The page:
Gabriel Franchere was born in Montreal (Canada) in 1786. He received an excellent education in French and English from highly respectable parents.
In 1810, at age 24, he joined an expedition fitted out by John Jacob Astor and others, the American Fur Company, to establish a fur trading station on the Columbia River in Oregon. In September 1811, Franchere sailed form New York to Cape Horn, acting as one of the clerks of the expedition. They traveled by canoe via the St. Lawrence and St. John rivers, Lake Huron, and the Hudson River, carrying their canoes overland as necessary. He described New York, then with a population of 90,000, in his journal, later published as Relation d’un voyage a la cote du nord-oeste de l’Amerique septentrionale English and French (Journal of a voyage on the north west coast of North America during the years, 1811, 1812, 1813 and 1814.)
The expedition included 57 men. They sailed in the Tonquin under an American flag although most were British. After landing at the mouth of the Columbia, everyone except the officers and crew went ashore and were attacked and killed by Indians at Nootka Sound. The survivors stayed at the settlement called Astoria. Franchere later accompanied one exploring party into the interior for furs. After the start of the War of 1812, the English broke up the settlement. The inhabitants found their way overland back to the U.S. via rivers and Great Lakes. Franchere returned to Montreal in August 1814.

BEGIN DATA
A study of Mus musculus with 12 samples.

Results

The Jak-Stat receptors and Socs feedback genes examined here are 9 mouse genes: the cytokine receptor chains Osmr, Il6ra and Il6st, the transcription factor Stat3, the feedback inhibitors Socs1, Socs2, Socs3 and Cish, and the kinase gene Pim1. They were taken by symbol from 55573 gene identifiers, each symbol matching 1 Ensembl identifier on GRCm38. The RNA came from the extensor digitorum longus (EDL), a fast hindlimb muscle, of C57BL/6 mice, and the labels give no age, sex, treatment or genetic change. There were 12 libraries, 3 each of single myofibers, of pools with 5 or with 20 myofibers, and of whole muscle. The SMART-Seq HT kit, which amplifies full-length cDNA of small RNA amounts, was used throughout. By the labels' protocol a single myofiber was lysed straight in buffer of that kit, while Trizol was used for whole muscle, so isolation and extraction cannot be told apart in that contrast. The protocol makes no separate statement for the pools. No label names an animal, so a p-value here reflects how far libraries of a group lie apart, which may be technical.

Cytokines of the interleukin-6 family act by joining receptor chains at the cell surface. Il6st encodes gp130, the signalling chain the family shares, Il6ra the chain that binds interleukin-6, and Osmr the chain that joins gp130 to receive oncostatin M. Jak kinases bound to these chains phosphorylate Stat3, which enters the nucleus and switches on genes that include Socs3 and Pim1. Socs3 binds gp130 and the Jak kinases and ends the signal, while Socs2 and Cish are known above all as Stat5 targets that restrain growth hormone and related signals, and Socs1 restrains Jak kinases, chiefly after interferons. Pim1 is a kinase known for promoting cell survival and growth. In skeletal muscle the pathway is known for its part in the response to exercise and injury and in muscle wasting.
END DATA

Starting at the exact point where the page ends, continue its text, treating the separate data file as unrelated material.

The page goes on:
Franchere described his adventures in his book, Adventure at Astoria, 1810-1814, published in French. In 1854 he published an English translation of the book. The French version provided conclusive evidence of the priority and claim by Americans concerning the occupation and settlement of Oregon in a boundary dispute of 1846.
After Astoria, Franchere was connected as a factor (agent) with the American Fur Company. He sacrificed his own fortune to meet the company’s liabilities when it failed. Later, he was associated with Pierre Choteau Jr. and Company in their Northwest operations. Still later, Franchere engaged in his own fur business in New York.
Franchere died on April 12, 1863 at age 77 while visiting his stepson, J.S. Prince, in St. Paul, Minnesota. He was survived by his second wife, several married daughters, and a son. Franchere was the last known survivor of the Astoria expedition. (This information is from the Minnesota Historical Society Collections v. VI Pts. I-III, pp. 417-420.)